Scunnered, if you haven't heard the phrase, is a Scots word meaning: "fed up, annoyed, hacked off"
And the reason for that is that yesterday the country was hammered by winds up to 100mph and the destruction is just... Depressing...
Loss of life was minimal, and that's the main thing, and my heart goes out to the good people of Missouri who have been so badly affected by tornados :-(
Yesterday on the way home a lorry overturned in front of me on the motorway, causing major delays which were compounded as the storm blew trees over and closed main arterial road, rail, and air routes in the country.
A lucky break (in the guise of a heavily pregnant woman driving the car behind me on the motorway which persuaded the police to get her, and consequently me, out and on our way) allowed me to get home many hours before the poor people stuck on the road behind us. When I opened the gate though I was met, rather violently, by the greenhouse, which had torn off its chains tying it to the fence, and lifted it bodily away from the bags of earth weighing it down. The polythene cover and light frame effectively acted as a sail, and before I cut off the cover, I was borne aloft a few times and battered around the garden by the greenhouse. All the plastic pots were flying like confetti around the garden and the car park, and worst of all, the seedlings I'd been nurturing were flung out and ruined.
I still haven't found them.
I managed to locate a flat tray I'd left some aster seedlings as a stand-by, and miraculously about 4 of them are all right. I found two courgette seedlings in the hedge, so they're now back in intensive care in the house. The pea seedlings are just - well, they could be in Norway for all I know. The tomatoes are now exposed to the elements (and they are not happy). My poor, beautiful delphiniums are snapped, and my acer, oh, the poor dear, lost a branch, her second in the space of 6 months :-(
All the pots are now in the house, the greenhouse cover is in the cloakroom, the seed trays in the hall.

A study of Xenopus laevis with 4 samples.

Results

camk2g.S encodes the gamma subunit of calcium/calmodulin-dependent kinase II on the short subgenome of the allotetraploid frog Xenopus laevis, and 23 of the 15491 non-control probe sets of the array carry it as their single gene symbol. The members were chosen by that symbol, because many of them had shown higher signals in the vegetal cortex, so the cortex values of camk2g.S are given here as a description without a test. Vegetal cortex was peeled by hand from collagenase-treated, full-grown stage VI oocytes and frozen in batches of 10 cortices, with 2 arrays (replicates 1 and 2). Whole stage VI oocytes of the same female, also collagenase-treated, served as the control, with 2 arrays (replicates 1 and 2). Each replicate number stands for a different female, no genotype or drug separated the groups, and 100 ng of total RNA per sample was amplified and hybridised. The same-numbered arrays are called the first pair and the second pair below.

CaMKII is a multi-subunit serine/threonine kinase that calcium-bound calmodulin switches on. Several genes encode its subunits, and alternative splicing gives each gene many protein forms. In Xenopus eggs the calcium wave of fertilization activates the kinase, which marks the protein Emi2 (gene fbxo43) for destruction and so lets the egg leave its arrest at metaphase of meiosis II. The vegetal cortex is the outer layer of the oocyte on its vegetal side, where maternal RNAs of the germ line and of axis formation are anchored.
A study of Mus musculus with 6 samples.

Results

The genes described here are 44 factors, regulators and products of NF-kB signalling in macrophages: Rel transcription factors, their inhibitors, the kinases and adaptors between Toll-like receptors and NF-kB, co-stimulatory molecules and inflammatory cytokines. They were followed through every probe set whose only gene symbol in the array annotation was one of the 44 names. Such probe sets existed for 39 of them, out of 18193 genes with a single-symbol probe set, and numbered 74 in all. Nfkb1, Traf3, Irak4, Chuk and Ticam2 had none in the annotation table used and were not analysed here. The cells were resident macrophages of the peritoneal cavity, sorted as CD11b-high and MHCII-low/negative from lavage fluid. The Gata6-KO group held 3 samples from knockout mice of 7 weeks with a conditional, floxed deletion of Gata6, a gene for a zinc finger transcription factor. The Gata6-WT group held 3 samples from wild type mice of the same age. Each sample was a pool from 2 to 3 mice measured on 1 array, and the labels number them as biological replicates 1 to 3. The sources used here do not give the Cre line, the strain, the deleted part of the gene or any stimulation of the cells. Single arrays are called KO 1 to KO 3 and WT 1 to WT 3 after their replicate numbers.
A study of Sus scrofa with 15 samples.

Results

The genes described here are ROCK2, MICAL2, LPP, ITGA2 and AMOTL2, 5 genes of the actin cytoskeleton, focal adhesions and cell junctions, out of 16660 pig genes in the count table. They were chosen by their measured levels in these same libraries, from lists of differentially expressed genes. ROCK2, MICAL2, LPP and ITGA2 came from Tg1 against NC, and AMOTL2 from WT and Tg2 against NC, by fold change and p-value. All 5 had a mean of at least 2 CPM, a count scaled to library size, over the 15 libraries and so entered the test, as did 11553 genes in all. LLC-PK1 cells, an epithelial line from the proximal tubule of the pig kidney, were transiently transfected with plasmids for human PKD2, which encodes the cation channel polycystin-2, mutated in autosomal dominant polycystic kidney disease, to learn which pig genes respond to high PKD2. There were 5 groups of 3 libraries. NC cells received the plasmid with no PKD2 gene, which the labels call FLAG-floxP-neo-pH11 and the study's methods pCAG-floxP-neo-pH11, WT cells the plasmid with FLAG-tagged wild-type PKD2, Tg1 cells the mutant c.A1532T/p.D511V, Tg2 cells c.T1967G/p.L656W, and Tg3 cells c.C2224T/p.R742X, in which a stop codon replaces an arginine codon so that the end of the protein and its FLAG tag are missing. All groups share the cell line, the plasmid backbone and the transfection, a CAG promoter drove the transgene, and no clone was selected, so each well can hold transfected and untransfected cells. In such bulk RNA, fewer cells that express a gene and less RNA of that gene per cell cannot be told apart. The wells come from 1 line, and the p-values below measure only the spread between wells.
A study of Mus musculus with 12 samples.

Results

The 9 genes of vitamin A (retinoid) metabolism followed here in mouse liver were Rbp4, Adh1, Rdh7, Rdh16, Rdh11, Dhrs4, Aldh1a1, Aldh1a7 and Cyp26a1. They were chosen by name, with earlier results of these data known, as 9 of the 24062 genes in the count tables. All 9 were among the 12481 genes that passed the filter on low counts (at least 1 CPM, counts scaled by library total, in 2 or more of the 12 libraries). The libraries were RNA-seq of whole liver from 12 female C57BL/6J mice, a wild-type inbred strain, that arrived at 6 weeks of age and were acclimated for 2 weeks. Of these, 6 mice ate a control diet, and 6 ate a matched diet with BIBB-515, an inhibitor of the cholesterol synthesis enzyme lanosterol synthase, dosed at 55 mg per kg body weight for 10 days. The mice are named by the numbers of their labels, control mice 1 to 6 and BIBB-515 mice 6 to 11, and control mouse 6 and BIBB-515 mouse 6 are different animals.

The hens though, are fine. Traumatised and outraged at the missiles that flew their way, but they're okay. And that is obviously the main concern when dealing with garden damage.
It's all just so... demoralising. All that work and hope just obliterated in a few hours. I've said earlier that it's a mistake I do make is seeing where my plants *should* be instead of where they are realistically going to be based on where I live. It might be pea harvesting season in the south of England but up here, they're inch high seedlings and unlikely to crop for another couple of months yet.
But stuff like this storm and the continuing windy and cold spell does highlight the brevity of the growing season here and concentrate the mind as to what can be grown.
On the plus side, we nipped to the Allotment and the shed is still standing, and all our little fleece/mesh tunnels, so that's something.
We are going to abandon the greenhouse - not the concept, but the polythene one. This is the third year running that we have had seedlings destroyed, so I am now looking at something like a tall cold frame, which is wood and plastic, and hopefully more weighty and sturdy. I really just want something to harden seedlings out and to grow tomatoes in, so it should be okay, but I will have to either rationalise my plastic pot collection or... No, rationalisation it will have to be.
Oh well, them's the breaks I suppose when you garden, no matter where in the world you happen to be. It's successes and setbacks and the thing is to remember the successes and allow them to outweigh the setbacks.
In other words, take a deep breath, onwards. and upwards.